Thanks to recent advances in robotics, computing, and other technologies, a small but growing number of scientists and engineers think robot-made housing might finally be possible. In fact, not only is it possible, it may be far better. Robotic construction may increase the speed of construction, improve its quality, and lower its price.
Forensic scientists are trying to understand what tears and distortions in the fabric around a stab wound can say about the knife type, angle of attack, and stabbing technique that caused the wound. But the patterns have been difficult to work out, partly because researchers have had to do most of their laboratory experiments by hand, manually stabbing different fabric swatches. But inconsistencies and human error are unavoidable. So a team of forensic scientists and engineers invented a stabbing machine to help standardize this type of research.
Atmospheric Dive Suits (ADS) are required for dives below three hundred feet. The ADS is a human-shaped hard shell enclosing diver so they can breathe air at normal pressure. ADS become more sophisticated in some ways over the last century, but they still have primitive lobster-like claws called prehensors rather than hands.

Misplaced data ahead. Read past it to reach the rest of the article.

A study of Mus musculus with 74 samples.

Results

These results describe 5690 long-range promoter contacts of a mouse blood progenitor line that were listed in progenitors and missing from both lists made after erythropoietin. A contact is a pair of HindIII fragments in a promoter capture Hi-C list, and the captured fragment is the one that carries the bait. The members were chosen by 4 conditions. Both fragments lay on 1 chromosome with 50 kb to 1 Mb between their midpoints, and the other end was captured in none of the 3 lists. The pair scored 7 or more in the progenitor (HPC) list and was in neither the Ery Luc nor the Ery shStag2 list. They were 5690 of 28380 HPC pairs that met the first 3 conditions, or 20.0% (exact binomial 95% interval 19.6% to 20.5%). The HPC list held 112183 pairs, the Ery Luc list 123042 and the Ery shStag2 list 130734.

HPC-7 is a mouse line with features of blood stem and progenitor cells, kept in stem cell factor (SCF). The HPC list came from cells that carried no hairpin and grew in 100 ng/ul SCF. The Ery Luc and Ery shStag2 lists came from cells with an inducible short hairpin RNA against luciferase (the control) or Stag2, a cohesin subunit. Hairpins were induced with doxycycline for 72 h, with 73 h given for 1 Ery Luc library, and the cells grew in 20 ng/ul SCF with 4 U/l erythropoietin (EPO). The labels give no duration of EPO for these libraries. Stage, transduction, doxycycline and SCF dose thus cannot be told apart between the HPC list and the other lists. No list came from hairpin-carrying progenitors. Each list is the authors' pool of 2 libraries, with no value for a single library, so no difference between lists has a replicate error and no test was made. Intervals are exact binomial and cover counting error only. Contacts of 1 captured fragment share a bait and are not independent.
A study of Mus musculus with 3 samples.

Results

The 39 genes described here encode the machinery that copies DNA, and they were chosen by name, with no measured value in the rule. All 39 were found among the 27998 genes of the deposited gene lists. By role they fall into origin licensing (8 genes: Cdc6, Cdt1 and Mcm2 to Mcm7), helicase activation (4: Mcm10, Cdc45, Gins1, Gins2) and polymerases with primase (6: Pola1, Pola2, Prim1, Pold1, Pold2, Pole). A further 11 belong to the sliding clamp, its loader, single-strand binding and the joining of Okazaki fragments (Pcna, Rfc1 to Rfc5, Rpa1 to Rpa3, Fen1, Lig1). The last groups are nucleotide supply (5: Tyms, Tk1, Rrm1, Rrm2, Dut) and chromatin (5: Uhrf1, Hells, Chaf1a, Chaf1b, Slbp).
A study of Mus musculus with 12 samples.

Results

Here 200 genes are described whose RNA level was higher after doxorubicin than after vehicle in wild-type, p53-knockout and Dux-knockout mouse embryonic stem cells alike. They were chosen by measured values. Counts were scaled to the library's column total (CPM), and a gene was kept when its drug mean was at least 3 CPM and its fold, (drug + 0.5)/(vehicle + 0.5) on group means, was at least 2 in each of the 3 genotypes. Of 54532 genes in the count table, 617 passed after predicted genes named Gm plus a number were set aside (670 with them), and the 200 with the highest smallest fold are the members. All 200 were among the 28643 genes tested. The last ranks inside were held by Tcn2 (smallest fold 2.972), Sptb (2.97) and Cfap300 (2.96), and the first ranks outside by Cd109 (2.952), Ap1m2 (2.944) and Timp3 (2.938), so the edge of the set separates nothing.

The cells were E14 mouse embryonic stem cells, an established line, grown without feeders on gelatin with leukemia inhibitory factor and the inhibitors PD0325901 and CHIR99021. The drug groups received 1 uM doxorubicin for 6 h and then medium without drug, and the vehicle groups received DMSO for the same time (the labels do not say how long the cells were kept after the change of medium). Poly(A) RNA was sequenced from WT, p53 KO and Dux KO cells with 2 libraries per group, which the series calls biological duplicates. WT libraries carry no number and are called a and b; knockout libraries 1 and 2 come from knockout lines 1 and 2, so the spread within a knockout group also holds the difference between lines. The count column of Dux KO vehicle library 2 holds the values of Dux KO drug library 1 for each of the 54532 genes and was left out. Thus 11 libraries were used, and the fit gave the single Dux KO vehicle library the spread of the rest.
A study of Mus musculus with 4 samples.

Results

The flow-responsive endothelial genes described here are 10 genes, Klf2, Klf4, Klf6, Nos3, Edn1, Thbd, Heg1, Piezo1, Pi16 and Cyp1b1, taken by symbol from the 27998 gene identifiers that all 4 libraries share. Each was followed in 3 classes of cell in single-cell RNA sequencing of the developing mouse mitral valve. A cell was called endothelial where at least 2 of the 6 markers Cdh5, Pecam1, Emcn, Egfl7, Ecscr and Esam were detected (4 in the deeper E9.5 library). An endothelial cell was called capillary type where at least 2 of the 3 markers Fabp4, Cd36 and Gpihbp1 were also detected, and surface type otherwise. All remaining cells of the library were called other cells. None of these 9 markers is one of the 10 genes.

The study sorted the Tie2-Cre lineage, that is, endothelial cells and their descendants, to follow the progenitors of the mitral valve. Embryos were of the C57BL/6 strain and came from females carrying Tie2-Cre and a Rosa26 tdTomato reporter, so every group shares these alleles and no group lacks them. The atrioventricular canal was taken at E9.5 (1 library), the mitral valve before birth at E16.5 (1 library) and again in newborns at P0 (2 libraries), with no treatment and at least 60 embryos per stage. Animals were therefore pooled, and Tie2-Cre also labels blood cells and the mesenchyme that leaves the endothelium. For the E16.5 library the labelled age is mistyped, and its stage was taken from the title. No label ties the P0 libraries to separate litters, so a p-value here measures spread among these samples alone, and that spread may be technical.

Looking back, Google’s emergence as a robotics powerhouse seems obvious—and inevitable. First came the scattered hires of roboticists and the release of self-driving cars into Bay Area traffic. Then, the search giant reportedly bought two humanoid HUBO robots from South Korean university KAIST. But it wasn’t until December’srevelation that Google had acquired eight robotics companies—including Boston Dynamics, maker of BigDog, WildCat and a stableof other astonishing Pentagon-funded bots—that it became clear: Google means to build robots.
We've seen robots with wheels, robots with legs, and even robots with whegs. We've seen snakebots that use a creepy combination of undulation and grip to shimmy and swim. Now one research team has come up an innovative new robot with yet another way of getting around. They've made a plastic sphere with a mechanism inside to propel it like a hamster in a ball.
Our 35 centimeter long robotic elephant trunk has five segments, each made of a silicone membrane with an embedded metal spring that acts like an exoskeleton. The segments are filled with dry coffee grounds and each is vacuum-controlled separately. When coffee grounds are loosely packed, they're in a liquid-like state. When they're vacuum-packed, they transition into a solid-like state.